Treasury Inflation-Protected Securities and exchange traded funds that invest in them continue to see solid demand despite the fact the bonds are paying negative yields.
“A $15 billion auction of Treasury Inflation-Protected Securities this month drew the strongest demand since March even though yields on the notes average less than zero percent for the first time,” Investment News reports.
There are several ETFs tracking TIPS, but iShares Barclays TIPS Bond Fund (NYSEArca: TIP) is by far the largest with over $23 billion in assets. Other funds in the category include PIMCO 1-5 Year TIPS (NYSEArca: STPZ), SPDR Barclays Capital TIPS (NYSEArca: IPE) and Schwab U.S. TIPS (NYSEArca: SCHP).
The iShares TIPS ETF has a negative 30-Day SEC yield.
“Even with real rates being negative, investors view TIPS as the optimal place to put your money if you do have to buy U.S. bonds because it is still government paper while also protecting you from long-term inflation,” George Goncalves, head of interest-rate strategy at Nomura Holdings, told Investment News.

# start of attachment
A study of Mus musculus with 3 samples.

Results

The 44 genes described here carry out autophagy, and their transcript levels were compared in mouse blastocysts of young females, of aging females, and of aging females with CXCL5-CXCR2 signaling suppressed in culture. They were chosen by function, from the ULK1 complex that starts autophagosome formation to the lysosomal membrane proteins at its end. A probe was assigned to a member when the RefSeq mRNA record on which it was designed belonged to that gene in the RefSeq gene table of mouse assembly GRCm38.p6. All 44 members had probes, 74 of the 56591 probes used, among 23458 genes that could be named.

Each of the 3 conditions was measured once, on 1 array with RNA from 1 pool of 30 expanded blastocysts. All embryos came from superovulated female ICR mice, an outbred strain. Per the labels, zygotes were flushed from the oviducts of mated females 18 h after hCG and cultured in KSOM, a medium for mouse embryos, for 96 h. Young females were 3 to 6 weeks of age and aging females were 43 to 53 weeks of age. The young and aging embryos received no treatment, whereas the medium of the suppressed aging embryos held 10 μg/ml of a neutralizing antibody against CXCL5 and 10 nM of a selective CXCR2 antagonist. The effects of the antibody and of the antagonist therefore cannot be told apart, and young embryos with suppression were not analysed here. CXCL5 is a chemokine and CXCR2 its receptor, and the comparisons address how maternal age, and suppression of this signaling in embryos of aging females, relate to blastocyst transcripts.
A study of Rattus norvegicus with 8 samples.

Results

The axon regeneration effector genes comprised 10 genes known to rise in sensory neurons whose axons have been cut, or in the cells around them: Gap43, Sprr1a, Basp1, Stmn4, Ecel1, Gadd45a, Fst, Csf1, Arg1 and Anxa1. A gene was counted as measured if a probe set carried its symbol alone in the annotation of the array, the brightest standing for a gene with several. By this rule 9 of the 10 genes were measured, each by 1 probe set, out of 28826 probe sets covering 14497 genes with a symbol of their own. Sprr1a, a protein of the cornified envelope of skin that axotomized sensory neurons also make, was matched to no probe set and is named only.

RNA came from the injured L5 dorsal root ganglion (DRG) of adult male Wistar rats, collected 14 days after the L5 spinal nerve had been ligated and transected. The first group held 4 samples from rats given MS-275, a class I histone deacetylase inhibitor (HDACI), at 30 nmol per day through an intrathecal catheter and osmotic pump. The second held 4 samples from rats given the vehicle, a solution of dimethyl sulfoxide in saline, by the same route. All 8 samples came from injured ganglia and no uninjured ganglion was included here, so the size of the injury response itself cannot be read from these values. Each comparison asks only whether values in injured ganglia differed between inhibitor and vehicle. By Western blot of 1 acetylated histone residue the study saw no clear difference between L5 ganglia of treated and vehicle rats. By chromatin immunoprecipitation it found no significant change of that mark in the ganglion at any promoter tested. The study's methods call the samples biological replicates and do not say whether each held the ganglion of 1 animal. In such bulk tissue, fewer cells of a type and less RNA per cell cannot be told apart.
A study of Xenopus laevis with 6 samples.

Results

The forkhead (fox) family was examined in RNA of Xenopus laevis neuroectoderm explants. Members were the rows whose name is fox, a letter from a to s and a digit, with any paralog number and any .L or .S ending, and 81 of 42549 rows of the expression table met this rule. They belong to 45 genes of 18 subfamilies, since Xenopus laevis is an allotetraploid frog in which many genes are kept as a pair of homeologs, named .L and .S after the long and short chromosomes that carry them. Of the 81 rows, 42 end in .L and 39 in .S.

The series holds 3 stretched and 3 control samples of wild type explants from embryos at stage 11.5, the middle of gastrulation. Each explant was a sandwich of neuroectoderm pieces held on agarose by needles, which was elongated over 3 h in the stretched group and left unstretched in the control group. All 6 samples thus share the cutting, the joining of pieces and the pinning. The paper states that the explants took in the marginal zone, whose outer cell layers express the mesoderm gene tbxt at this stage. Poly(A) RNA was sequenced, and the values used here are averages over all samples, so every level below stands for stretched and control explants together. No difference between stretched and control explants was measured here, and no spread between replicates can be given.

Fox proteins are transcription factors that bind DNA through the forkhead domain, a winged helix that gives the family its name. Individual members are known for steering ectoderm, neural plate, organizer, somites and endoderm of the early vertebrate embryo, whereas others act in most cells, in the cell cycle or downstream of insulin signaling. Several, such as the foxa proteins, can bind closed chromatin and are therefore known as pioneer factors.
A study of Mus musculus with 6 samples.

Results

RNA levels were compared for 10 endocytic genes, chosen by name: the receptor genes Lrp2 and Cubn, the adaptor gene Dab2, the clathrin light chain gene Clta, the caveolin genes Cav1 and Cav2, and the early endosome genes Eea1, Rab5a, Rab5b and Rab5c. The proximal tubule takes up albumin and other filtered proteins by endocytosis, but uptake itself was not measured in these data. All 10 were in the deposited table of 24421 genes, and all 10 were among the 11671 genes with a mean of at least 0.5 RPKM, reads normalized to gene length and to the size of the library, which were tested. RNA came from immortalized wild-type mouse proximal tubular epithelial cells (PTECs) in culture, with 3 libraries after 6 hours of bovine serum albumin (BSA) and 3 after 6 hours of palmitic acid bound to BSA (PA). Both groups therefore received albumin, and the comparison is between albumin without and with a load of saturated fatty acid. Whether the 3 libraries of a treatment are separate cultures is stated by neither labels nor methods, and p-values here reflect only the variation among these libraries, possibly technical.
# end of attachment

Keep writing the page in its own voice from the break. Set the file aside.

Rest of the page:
TIPS have outgained comparable Treasury bonds over the past decade, according to the article. The iShares Barclays TIPS Bond Fund was a solid performer in 2011, rising 16% over the past year.
When individuals invest in TIPS, the bonds’ principal is hitched to changes in the Consumer Price Index.
“There’s nothing that sounds more ludicrous than accepting a negative interest rate on your money. At least in the case of a certain type of Treasury bonds, though, negative rates suggest that investors are willing to pay up for protection against a potentially huge threat looming on the horizon: inflation,” the Motely Fool reports.
“But what’s particularly frustrating for income-seeking investors is that despite TIPS … seeming to be poised for a big ramp-up in consumer prices, those price increases haven’t for the most part shown up yet. The net result may be that although long-term investors have seen some big gains from TIPS they bought years ago, current investors are likely dooming themselves to poor returns going forward,” it predicts, adding that stocks may be a better inflation hedge.